David Vik, Cathlamet's supervisor of public works and the sewer and water systems, retired last Friday after almost 26 years on the job.
"The stats have made me the town's longest serving public works/sewer/water guy," he said in an interview on Monday.
A 1968 Wahkiakum High School graduate, Vik did a stint in the Navy, took some college courses, and went to work for the town in 1974, That tour lasted into 1985; he left to work for an analytical laboratory and came back in 1999 and had been there since.
Of course, things have changed in that amount of time.
"When I started, it was one person and a high school kid who mixed chemicals in the water plant on weekends," he said.
"When I started, the city's backhoe was my back and their hoe."
If there was a major problem, he called on one or another of the local contractors with a backhoe. For the town to have its own backhoe would have meant hiring another person for the town crew.
The town had undertaken utility development in the 1960s, first with the still existing sewer plant and later with the water plant on the Elochoman River, which replaced water collected in reservoirs on small streams east of town.
In the early 1980s, the town undertook a major project to replace aging sewer mains. Vik was the town's project supervisor, and they ended up hiring another person to manage the sewer and water plants, and it has been at least two persons on the crew since then.
The water system struggled with having adequate supply in the late 1990s, and in 1998 and 1999, there was a major project to expand the treatment plant and add reservoirs so there would be adequate water in the dry season.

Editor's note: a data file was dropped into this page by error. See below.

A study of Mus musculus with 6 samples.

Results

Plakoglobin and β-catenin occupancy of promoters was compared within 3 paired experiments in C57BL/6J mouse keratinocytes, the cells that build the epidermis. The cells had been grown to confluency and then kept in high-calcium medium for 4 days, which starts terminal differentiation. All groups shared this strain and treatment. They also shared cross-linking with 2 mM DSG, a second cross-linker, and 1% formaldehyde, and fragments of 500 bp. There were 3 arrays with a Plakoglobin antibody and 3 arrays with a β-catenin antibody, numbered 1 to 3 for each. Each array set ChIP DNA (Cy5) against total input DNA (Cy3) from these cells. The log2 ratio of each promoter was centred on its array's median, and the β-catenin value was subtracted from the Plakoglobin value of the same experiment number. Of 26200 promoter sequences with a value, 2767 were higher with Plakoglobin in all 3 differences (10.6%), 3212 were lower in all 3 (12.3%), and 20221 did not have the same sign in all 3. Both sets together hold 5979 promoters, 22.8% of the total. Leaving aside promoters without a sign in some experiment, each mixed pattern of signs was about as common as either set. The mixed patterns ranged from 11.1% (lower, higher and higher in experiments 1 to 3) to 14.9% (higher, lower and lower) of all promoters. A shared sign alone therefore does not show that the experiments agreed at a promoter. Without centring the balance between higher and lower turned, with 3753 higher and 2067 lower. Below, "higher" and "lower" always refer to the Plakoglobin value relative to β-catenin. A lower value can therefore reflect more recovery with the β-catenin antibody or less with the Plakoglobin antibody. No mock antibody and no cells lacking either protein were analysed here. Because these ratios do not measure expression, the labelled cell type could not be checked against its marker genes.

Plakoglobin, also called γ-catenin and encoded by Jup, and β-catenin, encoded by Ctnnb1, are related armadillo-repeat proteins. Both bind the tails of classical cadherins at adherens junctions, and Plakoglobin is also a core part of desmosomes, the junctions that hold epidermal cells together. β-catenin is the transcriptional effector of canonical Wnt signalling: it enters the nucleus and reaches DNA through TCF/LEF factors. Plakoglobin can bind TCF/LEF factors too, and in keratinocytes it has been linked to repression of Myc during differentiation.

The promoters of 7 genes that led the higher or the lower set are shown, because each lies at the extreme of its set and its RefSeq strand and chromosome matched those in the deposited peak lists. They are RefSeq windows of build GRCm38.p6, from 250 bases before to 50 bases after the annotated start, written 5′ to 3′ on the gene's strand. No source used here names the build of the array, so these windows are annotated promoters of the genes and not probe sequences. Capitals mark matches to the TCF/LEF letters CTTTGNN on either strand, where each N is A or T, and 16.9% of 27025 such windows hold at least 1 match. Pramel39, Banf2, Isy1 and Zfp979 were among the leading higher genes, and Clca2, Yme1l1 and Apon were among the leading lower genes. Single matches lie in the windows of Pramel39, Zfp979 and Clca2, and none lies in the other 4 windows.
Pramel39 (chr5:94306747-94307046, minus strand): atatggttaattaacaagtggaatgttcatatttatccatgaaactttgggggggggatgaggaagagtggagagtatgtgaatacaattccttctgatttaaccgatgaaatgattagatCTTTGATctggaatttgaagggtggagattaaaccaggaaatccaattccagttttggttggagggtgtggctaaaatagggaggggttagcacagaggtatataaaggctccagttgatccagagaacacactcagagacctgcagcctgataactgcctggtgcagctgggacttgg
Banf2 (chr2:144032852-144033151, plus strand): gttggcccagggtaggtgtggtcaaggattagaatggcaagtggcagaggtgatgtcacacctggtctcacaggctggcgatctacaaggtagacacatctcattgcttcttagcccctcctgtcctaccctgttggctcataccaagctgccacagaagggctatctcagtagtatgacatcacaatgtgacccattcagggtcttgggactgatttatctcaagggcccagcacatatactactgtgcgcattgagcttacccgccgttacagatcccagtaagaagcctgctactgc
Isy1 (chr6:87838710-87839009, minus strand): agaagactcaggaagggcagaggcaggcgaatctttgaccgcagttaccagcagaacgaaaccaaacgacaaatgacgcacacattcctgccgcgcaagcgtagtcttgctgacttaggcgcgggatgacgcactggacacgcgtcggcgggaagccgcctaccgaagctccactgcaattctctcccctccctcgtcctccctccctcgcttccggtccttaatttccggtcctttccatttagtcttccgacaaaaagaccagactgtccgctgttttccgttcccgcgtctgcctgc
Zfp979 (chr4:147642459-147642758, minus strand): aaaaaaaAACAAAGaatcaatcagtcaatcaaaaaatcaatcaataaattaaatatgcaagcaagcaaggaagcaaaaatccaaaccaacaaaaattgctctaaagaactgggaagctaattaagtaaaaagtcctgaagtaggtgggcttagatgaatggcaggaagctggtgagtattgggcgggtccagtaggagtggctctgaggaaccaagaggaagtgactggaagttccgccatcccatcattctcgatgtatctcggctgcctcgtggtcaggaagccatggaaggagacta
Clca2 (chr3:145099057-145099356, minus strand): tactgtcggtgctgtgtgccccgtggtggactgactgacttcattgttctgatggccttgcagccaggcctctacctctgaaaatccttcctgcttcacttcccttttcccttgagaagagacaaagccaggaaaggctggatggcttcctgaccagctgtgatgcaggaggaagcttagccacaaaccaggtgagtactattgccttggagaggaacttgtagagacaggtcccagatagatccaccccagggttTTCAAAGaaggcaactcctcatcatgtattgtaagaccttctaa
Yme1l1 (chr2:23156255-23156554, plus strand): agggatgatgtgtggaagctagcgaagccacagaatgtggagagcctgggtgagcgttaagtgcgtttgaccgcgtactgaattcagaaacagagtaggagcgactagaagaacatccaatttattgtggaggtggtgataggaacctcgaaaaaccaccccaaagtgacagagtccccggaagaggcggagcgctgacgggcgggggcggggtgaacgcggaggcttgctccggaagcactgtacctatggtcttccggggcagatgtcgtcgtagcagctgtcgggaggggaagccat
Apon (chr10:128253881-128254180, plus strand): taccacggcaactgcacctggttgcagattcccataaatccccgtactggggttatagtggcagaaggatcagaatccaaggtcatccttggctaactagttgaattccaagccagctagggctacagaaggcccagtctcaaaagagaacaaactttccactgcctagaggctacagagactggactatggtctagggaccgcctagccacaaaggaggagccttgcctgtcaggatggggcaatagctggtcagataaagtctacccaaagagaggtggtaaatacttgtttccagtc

And now as Vik retires, the town is in the midst of constructing a new sewer treatment plant.
Through the years, there has been exponential growth in technology and regulation, Vik said.
"It has made the job easier, but at the same time, you need someone who can understand the technology," Vik said.
And the water plant still faces challenges.
"The plant can make more than enough water, if we can get it into the plant," Vik said.
The water intake is a series of perforated pipes buried in the bed of the Elochoman River. In freshets, silt can plug the system, and in late summer, low stream flows slow the intake. Town officials have begun considering what they can do to make sure there is adequate supply.
"There are two options," Vik said. "You can see what you can do for the intake, or you look at the feasibility of finding a groundwater source to supplement."
It would be good to have redundancy in the sources, and it would be good to look into finding an economical, treatable groundwater source, Vik said.
The job has had different rewards, Vik said.
He took pride in the system and felt a sense of accomplishment in realizing he managed a system that provided water for people using the two water systems in the Cathlamet area.
And to him service matters. He said that one of the most rewarding moments of his career came from a phone call from the sheriff's department emergency dispatcher about 2 a.m. one night. An elderly woman had called to request help with a leak spraying water in her house.
Vik responded. On the scene, he shut off the water at the meter to cut the flow to the leak. In the house, he found that the leak was coming from the hot water line at the bathroom sink. He isolated the leak and helped the woman mop up. The woman was so thankful.
"She was so happy that some young person would come out in the middle of the night and help an old lady," he said. "I could have logged in, and they would have billed her, but I didn't. It was reward enough to see how happy she was."
Vik said he has no definite plans for his retirement; there's no new job waiting in the wings.
He'll work on projects around the house and do some traveling with his wife, Ruby.
He has long had an interest in photography; he will explore that and see what develops.
And this week, he'll enjoy not having the keys to the water and sewer plants and the phone that rings when there's a problem to handle.